I finally finished G.K. Chesterton's Orthodoxy. It's an amusing read, has lots of great quotes in it and essentially lays out a relentlessly logical case for Christianity.
It speaks well of Chesterton's intellect that he chose to take his battle into the heart of enemy territory and fight the skeptics on the ground of their choosing. In a series of related essays, he maps out the conventional secular and quasi-religious sentiments of the day and then destroys them.
What's interesting about his approach is that he doesn't confront them with direct rebuttals. Instead he rhetorically gets out of their way and lets them wreck themselves. Much of the book consists of him taking various tropes and platitudes and following them to their logical conclusion.
This is a powerful persuasive tool, and devastatingly effective against people who claim that objectivity, logic and facts are all on their side.
The greatest weakness of the book is that I don't get many of the contemporary references. There needs to be an annotated version in which the various thinkers, philosophers and politicians are explained in better detail so we know what exactly they wrote that Chesterton is addressing.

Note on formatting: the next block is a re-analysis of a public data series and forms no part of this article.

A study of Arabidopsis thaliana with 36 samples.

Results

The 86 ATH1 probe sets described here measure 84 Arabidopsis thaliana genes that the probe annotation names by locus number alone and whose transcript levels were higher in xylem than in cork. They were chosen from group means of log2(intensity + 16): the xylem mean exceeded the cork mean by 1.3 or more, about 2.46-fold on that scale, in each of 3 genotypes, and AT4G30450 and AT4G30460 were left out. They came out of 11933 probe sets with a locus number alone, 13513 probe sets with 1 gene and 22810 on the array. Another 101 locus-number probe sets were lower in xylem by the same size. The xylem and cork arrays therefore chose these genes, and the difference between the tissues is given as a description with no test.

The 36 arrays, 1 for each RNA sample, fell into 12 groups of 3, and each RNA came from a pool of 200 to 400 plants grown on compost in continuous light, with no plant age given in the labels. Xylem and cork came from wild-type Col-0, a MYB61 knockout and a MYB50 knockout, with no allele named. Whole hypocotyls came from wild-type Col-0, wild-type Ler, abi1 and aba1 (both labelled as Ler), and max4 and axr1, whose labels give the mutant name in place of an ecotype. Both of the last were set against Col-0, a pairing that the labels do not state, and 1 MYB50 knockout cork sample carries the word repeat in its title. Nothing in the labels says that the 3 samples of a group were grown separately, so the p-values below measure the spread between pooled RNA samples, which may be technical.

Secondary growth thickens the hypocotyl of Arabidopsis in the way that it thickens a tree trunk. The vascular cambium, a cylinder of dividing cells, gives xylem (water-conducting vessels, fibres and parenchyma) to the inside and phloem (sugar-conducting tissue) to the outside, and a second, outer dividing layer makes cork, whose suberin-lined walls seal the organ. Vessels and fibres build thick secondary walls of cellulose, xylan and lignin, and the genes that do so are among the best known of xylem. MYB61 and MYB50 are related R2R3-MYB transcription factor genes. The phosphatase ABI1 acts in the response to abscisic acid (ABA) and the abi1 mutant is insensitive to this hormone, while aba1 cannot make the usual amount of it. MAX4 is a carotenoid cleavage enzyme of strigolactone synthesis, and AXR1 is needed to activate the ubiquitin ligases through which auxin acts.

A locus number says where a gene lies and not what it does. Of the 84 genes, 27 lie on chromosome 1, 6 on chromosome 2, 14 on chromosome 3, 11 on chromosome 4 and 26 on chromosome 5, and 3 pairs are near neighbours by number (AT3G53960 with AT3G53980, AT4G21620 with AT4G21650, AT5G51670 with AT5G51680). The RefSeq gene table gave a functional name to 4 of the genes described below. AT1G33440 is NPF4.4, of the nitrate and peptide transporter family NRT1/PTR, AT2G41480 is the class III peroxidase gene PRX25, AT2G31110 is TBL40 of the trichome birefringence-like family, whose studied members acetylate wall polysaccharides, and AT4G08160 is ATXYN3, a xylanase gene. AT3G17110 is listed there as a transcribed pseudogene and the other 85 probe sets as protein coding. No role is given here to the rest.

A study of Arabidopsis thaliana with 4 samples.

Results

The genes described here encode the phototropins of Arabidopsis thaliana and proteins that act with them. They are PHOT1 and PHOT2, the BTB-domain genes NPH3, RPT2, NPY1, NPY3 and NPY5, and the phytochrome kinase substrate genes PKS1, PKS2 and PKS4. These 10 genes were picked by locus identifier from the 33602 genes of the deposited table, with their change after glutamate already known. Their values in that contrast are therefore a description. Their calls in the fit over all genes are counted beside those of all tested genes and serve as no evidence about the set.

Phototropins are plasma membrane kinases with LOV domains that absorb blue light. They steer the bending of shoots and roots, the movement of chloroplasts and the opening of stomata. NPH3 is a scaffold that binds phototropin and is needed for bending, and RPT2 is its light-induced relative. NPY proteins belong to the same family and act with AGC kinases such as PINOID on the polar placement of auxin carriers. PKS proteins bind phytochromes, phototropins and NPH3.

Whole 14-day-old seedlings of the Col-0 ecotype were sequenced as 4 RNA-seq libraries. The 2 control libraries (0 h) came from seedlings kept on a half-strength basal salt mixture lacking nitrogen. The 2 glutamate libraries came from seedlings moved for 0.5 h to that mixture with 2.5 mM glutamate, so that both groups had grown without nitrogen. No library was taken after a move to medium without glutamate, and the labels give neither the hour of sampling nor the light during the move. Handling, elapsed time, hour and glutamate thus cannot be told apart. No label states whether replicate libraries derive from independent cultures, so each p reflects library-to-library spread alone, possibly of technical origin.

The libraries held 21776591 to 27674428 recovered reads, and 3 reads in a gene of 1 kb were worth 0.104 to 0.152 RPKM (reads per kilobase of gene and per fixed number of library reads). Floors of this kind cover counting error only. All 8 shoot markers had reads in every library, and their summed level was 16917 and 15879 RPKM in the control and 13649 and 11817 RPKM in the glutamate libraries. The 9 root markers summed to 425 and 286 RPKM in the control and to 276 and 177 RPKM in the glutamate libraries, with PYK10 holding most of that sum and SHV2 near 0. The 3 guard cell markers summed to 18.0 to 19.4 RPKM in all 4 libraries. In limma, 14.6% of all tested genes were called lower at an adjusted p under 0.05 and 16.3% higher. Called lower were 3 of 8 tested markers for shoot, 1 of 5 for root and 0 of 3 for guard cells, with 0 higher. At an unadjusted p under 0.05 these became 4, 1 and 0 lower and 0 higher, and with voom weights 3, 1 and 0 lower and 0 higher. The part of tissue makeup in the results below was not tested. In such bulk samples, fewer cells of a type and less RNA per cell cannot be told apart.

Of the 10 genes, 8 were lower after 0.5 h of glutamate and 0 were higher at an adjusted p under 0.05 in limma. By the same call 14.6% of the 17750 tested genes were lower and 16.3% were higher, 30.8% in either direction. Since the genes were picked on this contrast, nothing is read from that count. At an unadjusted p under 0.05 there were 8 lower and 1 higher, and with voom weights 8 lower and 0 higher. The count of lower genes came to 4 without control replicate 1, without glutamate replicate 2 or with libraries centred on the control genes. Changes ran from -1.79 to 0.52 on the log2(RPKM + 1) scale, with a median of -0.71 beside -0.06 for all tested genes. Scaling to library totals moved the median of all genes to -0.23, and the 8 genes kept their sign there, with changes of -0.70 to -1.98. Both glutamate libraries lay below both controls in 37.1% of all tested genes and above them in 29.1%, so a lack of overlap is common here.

The best part of the book is of course his wit. The man can turn a phrase and he's very similar to Evelyn Waugh in being able to slice someone apart in unexpected ways. There's a passage where he addresses evolution and the neo-Darwinist concept of "higher forms of life" and notes that a German Philosopher mouse might well disagree that the cat is higher, and that life is so hateful, being eaten as soon as possible is actually a better outcome.
There are many ways to help people understand faith, and Chesterton is clearly going for the self-important crowd who are full of their own sense of intellectual superiority. He absolutely wrecks them, and many of the claims he demolishes in this book are regrettably still being spread around by credentialed idiots who think they are the first people to come up with it.
In the present circumstances, it's essential reading.
I've also ordered his Heretics, which was the precursor to Orthodoxy. Heretics is more of an attack, while Orthodoxy is technically an apologetic, outline the story of Chesterton's own conversion. As noted, much of his conversion seems to be reactionary - he gave the popular viewpoint a try, and because it was so weak he knew it had to be wrong and the religious types deserved a closer look.
This is very similar to my experience with not just religion but many other beliefs. In my zeal to defend my position, I study it closely enough to realize that it's spectacularly weak.
Perhaps because its a refutation and pure attack, Heretics is less popular, but it was the genesis for Orthodoxy, so I'm looking forward to reading it.